Of course the Charles Bridge stands as the oldest and most famous bridge in Czech Republic. But spend any time in Prague you’ll likely cross another of the beautiful Vltava crossings, including one of the most interesting, and more beautiful due to its recently restored copper-domed turrets, originally used as toll booths. We’re talking about Most Legii, or Bridge of the Legions.
For hundreds of years the two parts of Prague divided by the Vltava had only one bridge to connect the two banks: the Charles Bridge. Prague grew in size and population and thus it was necessary to adapt infrastructure to the changing needs. One such improvement was the creation of a of new bridge, in this case, the Bridge of Legions.
The original bridge in this location was opened in 1841 and designed by engineer Frederick Schnirch. It was called the “Chain Bridge”, and was a suspension bridge made largely of metal, similar to the current Chain Bridge of Budapest.
But by the late nineteenth century the bridge, unable to withstand the passage of heavy vehicles, needed a total refurbishment.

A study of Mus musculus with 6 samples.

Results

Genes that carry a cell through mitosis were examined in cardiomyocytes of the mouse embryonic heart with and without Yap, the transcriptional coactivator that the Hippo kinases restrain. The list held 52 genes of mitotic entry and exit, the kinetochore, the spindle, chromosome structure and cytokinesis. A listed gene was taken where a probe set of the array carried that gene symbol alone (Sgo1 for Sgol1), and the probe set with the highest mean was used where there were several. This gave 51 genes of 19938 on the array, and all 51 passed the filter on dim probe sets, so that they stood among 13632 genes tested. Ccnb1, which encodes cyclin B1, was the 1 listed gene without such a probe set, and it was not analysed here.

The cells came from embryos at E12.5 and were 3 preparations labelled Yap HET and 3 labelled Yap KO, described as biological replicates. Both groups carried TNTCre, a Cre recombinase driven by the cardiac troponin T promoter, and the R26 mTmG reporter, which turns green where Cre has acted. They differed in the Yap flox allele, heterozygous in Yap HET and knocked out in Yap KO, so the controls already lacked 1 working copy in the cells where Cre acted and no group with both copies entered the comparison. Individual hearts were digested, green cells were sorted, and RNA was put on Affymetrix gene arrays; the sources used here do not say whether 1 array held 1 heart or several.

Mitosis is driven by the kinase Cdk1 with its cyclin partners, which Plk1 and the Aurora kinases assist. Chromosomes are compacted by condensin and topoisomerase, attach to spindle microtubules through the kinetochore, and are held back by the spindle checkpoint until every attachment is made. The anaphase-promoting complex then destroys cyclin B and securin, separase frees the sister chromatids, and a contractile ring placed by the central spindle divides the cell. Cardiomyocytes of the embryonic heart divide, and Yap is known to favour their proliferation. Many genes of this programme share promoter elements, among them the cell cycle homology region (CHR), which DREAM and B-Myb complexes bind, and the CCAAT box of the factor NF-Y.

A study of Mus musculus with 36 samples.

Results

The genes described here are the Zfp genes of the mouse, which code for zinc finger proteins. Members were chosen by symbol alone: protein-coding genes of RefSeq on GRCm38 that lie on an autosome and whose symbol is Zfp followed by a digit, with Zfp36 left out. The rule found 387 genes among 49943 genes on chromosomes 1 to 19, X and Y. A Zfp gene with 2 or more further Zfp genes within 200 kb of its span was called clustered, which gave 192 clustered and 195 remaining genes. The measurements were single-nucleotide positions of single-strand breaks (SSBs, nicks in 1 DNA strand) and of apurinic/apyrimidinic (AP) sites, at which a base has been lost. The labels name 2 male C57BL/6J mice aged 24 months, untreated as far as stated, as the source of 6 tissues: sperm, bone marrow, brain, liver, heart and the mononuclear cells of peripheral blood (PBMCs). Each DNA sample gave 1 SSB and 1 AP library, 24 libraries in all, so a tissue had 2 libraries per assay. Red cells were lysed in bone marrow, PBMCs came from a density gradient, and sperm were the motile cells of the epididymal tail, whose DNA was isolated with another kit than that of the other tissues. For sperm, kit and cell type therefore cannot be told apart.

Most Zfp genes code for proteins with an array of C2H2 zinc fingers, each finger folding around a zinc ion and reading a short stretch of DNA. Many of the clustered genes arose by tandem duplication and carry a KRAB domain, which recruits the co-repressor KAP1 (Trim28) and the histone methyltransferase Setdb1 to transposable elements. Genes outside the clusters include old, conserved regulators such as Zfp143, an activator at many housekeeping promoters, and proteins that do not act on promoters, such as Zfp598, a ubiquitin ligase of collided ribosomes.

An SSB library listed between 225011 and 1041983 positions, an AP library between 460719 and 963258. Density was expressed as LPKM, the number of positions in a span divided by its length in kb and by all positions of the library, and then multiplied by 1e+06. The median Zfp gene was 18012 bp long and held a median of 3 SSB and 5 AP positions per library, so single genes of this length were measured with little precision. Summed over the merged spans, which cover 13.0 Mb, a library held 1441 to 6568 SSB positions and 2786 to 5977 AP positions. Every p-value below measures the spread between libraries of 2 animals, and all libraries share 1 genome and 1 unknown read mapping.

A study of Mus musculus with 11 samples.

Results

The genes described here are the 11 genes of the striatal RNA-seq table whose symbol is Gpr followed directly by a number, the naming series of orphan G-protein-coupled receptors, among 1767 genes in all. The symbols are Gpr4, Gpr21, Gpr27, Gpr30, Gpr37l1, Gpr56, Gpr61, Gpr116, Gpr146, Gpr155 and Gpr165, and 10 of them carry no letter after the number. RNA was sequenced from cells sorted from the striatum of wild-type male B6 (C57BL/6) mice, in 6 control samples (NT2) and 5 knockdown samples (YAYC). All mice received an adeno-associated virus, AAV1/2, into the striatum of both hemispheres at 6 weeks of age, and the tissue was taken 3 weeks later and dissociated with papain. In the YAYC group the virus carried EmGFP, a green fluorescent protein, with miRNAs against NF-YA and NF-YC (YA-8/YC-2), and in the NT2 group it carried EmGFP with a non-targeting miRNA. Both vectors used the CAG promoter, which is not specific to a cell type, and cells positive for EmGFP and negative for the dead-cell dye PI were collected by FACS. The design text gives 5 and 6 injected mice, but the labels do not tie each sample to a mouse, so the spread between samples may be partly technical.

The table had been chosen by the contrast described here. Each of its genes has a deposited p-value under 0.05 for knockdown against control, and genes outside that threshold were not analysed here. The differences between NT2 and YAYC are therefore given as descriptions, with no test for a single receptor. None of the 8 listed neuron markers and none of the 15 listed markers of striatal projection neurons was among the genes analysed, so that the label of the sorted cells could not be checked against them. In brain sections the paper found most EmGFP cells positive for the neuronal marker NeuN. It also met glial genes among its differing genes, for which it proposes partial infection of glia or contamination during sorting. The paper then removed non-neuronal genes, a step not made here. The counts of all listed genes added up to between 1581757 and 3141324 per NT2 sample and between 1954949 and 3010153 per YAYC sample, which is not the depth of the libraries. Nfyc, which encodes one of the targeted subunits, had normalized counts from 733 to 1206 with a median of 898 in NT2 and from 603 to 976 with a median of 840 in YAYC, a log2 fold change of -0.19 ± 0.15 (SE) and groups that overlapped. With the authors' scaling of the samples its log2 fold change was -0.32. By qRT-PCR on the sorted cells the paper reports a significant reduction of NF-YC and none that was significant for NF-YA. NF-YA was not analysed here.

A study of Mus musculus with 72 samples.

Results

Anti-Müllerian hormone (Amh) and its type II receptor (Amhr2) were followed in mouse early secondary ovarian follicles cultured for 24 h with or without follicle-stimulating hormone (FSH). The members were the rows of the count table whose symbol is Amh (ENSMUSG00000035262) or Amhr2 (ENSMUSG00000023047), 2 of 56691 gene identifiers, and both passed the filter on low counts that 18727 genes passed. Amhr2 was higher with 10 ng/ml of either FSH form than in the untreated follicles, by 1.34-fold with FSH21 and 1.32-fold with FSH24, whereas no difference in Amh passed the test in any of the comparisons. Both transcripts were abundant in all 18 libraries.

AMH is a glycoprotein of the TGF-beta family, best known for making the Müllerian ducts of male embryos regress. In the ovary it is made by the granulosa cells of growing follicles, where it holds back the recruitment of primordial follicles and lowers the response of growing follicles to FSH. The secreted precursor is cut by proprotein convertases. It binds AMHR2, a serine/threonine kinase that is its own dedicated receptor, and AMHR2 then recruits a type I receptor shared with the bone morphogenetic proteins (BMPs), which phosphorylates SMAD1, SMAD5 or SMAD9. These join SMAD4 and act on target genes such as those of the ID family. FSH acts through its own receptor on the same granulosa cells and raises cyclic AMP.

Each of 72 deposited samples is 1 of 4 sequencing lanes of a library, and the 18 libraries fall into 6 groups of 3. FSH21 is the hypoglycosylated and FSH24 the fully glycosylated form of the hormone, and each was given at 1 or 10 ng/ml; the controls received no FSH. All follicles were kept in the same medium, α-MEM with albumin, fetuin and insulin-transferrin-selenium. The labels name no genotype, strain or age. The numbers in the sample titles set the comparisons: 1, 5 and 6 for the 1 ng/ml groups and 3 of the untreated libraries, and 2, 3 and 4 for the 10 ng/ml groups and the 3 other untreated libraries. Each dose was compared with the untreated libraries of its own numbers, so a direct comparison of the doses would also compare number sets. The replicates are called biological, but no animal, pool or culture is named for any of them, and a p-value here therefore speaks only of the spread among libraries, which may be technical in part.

Its renovation was put out to tender, and was eventually designed by Antonin Balšánek and who changed the metal beams and the original cables to it’s current granite arches.
The completely remodeled bridge was personally inaugurated by Emperor Franz Joseph I on June 14, 1901, and renamed in his honor.
The aesthetic has changed little since, though the name has. After the birth of the Czechoslovak Republic many of the names imposed by the imperial rulers were changed, and from 1919 the bridge was called Bridge of Legions, named after heroic soldiers who were key in the creation of the first Republic. The Nazis changed the name during the occupation, calling it Smetana Bridge, and the Communists named the bridge after the holiday on May 1.
In 1990 and after the revolution and fall of the Communist regime, the name from the first Republic returned. Today, again, we can cross the Bridge of Legions.